Why celebrate World Elephant Day? If, like me, you may simply be in awe of this beautiful animal, not only for their majesty but for their intelligence and empathy, and that is enough to care about their survival. Their unique fabulousness aside, there are reasons to care beyond the grandeur of the individual species.

You may have heard that the oak tree is a keystone species. The majestic oak has gotten a lot of (well-deserved) press lately, but you may not know that the magical – and also majestic – elephant is a keystone species in both Asia and Africa. This means that this particular species helps define an entire ecosystem. Without its keystone species, the ecosystem would be dramatically different or cease to exist altogether.

The African Wildlife Foundation states: “As the largest of all land mammals, African elephants play an important role in balancing natural ecosystems. They trample forests and dense grasslands, making room for smaller species to co-exist. Elephants also create water holes used by other wildlife as they dig dry riverbeds when rainfall is low. Herds travel over vast rangelands, and they disperse seeds in their dung, which helps generate new green growth.” That’s the main reason for those amazing tusks.

But elephant populations are in danger.

Elephants are most at risk from poachers, who kill them for their tusks and bushmeat. In fact, 96 elephants are killed for their ivory tusks every day in Africa. They are also in danger of being hunted by farmers because they have the ability to wipe out entire harvests, in turn jeopardizing people’s livelihoods.

In Asia and Africa, they are viewed by farmers not much differently than deer and rabbits here in the United States. Fortunately, there are organizations like Conservation South Luangwa  that are working on the ground with farmers to create barriers to elephants that do nor bring them physical harm.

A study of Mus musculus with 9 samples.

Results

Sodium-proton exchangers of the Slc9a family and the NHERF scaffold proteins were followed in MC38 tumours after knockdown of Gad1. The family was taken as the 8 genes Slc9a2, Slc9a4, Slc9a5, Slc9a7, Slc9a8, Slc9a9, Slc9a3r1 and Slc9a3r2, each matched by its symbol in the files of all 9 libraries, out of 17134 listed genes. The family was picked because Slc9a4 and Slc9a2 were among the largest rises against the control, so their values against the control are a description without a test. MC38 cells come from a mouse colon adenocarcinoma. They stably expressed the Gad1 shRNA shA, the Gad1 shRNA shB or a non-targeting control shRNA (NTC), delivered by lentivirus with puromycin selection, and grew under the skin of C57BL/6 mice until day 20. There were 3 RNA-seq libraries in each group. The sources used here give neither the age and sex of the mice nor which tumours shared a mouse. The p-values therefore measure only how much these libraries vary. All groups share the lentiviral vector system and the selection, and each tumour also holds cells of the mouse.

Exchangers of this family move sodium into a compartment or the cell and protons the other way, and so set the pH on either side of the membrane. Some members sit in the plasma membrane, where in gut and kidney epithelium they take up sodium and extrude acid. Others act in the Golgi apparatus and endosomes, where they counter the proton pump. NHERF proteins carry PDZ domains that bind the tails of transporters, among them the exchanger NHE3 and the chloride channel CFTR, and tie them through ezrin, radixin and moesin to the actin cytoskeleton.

In addition to the individual clashes with humans, climate change and human land use are degrading wild lands, breaking up essential elephant habitats and impeding ancient migratory corridors. “With the growth of commercial agriculture and infrastructure development, as well as extractive industry across the continent, the future of this keystone migratory species is at risk — and so are the fragile ecosystems that depend on it.” 

So, what are we to do? Here are some ideas to get you started.

  • You can sign a pledge to “support a world that protects elephants, wildlife and their habitat” at World Elephant Day.
  • Sign up for 10 Days for Elephants to receive fun and impactful actions to help them survive.
  • Do not buy coffee that is not fair-trade or shade-grown, nor products with palm-oil. These commercial crops are grown in plantations that have decimated elephant habitats. 
  • Only buy wood products that have been certified by the Forest Stewardship Council, which promotes responsible management of the world’s forests – the natural habitat for elephants and other wildlife.
  • Support organizations like Conservation South Luangwa and International Anti Poaching Foundation.
  • Share your love and start a conversation with friends and loved ones about these beautiful and vital creatures.